Beginning early next year, it will cost a penny more to mail letters in the United States.
The new 45-cent price is the first price change for first-class mail stamps in more than two and a half years.
Changes that go into effect Jan. 22 include:
- Letters (1 oz.) – one-cent increase to 45 cents
- Letters additional ounces – unchanged at 20 cents
- Postcards – three-cent increase to 32 cents
- Letters to Canada or Mexico (1 oz.) – five-cent increase to 85 cents
- Letters to other international destinations – seven-cent increase to $1.05
Prices also will change for other mailing services, including standard mail, periodicals, package services and extra services. Prices for express mail and priority mail are not affected. Click here for more information on the new pricing.
“The overall average price increase is small and is needed to help address our current financial crisis,” said Postmaster General Patrick Donahoe. “We continue to take actions within our control to increase revenue in other ways and to aggressively cut costs. To return to sound financial footing we urgently need enactment of comprehensive, long-term legislation to provide the Postal Service with a more flexible business model.”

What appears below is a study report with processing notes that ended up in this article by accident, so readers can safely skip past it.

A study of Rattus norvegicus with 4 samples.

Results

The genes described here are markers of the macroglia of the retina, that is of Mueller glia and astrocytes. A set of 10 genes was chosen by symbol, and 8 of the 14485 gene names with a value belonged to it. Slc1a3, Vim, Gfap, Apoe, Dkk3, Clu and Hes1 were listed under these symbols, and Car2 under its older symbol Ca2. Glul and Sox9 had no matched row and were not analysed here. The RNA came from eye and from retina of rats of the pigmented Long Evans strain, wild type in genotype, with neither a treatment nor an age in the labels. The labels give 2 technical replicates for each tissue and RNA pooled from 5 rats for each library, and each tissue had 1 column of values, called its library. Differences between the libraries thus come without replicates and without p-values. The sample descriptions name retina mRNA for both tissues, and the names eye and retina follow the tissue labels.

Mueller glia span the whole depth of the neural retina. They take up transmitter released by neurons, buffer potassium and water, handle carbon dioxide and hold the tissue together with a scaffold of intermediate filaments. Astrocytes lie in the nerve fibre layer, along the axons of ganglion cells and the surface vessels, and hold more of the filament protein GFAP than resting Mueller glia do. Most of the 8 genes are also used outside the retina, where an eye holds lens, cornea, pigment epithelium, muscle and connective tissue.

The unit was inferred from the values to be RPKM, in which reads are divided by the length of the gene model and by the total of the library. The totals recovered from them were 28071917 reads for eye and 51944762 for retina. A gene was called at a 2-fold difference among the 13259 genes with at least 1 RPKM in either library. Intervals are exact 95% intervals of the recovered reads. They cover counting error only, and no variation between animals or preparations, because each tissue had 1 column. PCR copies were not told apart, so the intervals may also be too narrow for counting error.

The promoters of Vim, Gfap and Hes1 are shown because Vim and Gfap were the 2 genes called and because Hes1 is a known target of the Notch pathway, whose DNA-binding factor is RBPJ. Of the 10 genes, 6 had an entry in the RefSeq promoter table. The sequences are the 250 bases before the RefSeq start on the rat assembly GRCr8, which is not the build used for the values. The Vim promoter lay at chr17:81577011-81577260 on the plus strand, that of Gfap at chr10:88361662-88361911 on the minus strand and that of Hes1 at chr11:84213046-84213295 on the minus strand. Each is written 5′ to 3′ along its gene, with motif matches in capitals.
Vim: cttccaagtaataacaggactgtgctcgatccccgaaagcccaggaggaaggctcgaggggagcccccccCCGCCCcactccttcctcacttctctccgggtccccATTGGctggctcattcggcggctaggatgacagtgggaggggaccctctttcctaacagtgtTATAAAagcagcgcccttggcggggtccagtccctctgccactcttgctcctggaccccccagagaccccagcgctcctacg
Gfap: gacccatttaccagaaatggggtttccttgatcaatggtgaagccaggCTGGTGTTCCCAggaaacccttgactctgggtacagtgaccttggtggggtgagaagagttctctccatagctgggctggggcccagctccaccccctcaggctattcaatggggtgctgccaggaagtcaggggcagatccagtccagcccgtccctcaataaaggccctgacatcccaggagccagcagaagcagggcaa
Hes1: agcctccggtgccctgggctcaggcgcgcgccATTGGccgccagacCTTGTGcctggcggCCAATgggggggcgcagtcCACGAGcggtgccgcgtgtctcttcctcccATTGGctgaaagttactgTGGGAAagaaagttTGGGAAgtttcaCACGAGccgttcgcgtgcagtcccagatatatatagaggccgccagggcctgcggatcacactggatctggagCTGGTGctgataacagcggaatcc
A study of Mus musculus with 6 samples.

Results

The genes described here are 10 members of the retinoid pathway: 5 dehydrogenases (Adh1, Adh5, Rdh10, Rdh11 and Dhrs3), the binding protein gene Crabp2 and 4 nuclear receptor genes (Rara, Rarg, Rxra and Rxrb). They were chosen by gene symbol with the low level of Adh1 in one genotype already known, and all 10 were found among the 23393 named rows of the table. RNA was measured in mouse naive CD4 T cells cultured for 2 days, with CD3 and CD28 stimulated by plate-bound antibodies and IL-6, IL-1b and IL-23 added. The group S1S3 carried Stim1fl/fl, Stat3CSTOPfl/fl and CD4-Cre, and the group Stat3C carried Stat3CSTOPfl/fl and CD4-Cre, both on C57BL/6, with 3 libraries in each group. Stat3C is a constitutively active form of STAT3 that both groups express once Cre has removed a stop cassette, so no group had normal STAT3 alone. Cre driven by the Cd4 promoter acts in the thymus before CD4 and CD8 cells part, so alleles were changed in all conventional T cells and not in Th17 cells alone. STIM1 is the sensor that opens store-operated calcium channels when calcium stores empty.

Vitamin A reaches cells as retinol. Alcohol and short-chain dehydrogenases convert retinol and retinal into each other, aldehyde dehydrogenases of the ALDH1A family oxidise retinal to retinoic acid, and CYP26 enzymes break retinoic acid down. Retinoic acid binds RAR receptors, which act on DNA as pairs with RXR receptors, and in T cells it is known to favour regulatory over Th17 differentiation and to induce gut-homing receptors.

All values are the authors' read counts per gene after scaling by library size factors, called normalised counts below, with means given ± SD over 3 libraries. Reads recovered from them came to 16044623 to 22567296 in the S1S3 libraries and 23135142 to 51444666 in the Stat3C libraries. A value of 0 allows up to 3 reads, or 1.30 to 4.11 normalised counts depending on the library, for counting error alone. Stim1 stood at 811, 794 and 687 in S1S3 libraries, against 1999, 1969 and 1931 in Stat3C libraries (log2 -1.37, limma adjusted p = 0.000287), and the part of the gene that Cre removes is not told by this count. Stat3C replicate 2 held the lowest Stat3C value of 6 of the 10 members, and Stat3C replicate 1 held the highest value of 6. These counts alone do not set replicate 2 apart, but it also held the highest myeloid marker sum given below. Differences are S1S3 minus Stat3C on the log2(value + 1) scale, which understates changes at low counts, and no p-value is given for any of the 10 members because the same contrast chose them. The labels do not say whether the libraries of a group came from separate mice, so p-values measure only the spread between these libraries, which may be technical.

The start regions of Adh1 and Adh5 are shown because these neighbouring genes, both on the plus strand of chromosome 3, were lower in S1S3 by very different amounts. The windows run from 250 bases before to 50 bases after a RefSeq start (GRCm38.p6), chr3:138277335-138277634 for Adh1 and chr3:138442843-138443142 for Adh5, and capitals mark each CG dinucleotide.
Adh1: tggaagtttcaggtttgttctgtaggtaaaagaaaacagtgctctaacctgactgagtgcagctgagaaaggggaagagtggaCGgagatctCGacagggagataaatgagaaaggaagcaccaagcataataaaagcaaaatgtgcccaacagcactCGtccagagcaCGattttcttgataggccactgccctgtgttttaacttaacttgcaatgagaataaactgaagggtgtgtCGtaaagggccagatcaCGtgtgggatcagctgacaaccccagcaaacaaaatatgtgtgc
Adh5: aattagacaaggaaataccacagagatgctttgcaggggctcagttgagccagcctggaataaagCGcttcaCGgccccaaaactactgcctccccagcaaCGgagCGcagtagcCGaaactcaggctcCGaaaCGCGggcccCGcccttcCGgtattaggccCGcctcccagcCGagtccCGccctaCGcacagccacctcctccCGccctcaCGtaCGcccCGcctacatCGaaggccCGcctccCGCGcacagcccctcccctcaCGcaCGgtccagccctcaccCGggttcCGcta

While actual percentage price increases for various products and services vary, the overall average price increase across all mailing services is capped by law at 2.1 percent, the rate of inflation calculated based on the Consumer Price Index.
The pricing announcement offers some good news for first-class mail presort mailers. When the new prices go into effect on Jan. 22, the second ounce for presorted letters will be free.
“This gives companies expanded opportunities to advertise new services and products to their customers as part of bill and statement mailings,” said Paul Vogel, president and chief marketing/sales officer.
And new for all customers is a three-month pricing option to rent PO Boxes, attractive for people on the move and others who need a PO Box for a short time period. Currently, boxes may be rented for six-month or one-year periods.
The postal service receives no tax dollars for operating expenses and relies on the sale of postage, products and services to fund its operations.
Would you rather the postal service hold prices steady and deliver mail fewer days, or hike prices and keep the mail service the same? Tell us in the comments box below.